EPA proposes limits on coal-fired plants' emissions

(March 17, 2011)

san-francisco-chronicle

March 17, 2011

The Environmental Protection Agency on Wednesday proposed the first national standard for emissions of mercury and other pollutants from coal-burning power plants, a rule that could lead to the early closing of a number of older coal plants and that is certain to be challenged by some utilities and Republicans in Congress.

Lisa Jackson, the agency's administrator, said control of dozens of poisonous substances emitted by power plants is long overdue and would prevent thousands of deaths and tens of thousands of cases of disease a year.

Jackson pointedly included the head of the American Lung Association and two prominent doctors in her announcement to make the point that the regulations were designed to protect public health and not to penalize the utility industry.

She estimated the total annual cost of compliance at about $10 billion, in line with some industry estimates, and the health and environmental benefits at more than $100 billion a year. She said that households could expect to see their electric bills rise by $3 to $4 a month when the regulation is fully in force after 2015.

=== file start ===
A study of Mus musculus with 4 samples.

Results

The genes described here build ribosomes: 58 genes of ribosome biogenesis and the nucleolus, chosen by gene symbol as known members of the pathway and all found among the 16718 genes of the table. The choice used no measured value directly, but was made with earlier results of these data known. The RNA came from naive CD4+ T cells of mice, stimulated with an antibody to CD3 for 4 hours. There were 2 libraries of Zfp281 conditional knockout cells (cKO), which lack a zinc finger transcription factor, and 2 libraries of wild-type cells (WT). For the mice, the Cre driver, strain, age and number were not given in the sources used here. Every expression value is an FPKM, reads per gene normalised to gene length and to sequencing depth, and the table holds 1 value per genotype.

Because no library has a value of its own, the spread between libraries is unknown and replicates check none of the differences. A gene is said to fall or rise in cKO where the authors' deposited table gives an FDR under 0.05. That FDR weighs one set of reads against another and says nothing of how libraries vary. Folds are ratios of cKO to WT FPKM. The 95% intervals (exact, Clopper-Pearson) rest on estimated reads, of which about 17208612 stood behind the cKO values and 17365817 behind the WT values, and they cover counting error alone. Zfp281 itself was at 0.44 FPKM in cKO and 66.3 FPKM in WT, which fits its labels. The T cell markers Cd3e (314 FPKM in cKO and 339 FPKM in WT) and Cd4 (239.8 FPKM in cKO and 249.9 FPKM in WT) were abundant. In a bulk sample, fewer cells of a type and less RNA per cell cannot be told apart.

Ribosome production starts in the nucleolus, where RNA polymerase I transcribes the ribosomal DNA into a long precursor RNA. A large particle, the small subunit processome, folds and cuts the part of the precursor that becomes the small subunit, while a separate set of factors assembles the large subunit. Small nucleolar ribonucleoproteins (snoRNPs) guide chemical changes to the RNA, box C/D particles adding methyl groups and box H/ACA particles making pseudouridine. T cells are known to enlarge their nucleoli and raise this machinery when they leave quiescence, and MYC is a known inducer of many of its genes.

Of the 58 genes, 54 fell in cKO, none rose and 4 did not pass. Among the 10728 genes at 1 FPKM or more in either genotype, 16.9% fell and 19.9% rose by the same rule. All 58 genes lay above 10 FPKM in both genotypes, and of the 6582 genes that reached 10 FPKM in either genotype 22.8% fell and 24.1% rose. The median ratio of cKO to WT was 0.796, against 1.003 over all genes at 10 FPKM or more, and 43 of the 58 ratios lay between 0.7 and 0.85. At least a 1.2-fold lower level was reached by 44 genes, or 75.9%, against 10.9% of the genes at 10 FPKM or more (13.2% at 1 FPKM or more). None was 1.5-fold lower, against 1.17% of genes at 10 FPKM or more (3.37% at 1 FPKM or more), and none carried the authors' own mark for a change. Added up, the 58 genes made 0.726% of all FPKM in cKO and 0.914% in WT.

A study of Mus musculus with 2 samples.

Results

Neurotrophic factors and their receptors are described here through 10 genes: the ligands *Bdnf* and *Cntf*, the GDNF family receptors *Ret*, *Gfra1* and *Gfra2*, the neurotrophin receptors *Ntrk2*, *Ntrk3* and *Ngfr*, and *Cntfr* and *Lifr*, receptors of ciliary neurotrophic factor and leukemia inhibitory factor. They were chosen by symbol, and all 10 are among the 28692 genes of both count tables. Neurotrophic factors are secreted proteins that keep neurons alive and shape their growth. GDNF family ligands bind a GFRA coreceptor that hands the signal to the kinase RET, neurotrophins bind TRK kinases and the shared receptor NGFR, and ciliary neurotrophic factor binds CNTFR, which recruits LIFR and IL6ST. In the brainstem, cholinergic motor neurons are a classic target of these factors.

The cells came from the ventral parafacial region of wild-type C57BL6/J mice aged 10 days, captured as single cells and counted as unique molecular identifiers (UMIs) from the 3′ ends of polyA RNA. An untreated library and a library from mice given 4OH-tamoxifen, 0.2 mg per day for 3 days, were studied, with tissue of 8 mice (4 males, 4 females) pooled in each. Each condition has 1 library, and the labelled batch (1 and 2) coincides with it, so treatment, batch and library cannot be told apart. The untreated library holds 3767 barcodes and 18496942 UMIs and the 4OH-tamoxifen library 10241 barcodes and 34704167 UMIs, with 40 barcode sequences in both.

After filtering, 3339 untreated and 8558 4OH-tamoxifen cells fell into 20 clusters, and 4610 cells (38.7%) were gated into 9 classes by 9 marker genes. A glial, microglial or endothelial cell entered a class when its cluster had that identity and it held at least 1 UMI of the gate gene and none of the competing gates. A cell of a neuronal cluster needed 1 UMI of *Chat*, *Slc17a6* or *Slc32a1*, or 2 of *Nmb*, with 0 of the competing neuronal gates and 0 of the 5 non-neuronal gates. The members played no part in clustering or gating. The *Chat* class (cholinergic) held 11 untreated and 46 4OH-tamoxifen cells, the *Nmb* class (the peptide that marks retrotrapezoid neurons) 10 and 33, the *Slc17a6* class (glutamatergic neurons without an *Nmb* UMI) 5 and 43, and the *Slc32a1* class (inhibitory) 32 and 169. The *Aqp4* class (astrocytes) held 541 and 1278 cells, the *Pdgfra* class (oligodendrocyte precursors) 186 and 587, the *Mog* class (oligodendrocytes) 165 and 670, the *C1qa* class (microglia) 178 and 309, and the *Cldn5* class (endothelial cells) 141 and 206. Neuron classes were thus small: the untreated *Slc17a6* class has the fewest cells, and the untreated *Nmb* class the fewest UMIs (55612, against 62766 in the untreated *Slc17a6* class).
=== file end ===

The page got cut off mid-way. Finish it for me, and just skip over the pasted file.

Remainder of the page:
Jackson was acting under a court-ordered deadline to produce a draft rule by Wednesday.

"Today's announcement is 20 years in the making and is a significant milestone in the Clean Air Act's already unprecedented record of ensuring our children are protected from the damaging effects of toxic air pollution," she said.

Jackson said mercury and other emissions covered by the rule damage the nervous systems of fetuses and children, exacerbate asthma and cause lifelong health damage for hundreds of thousands of Americans.

She said installing and maintaining smokestack scrubbers and other control technology would create 31,000 short-term construction jobs and 9,000 permanent utility-sector jobs.

Some utilities, business groups and congressional Republicans cast the rule as the latest salvo in a regulatory war on U.S. industry.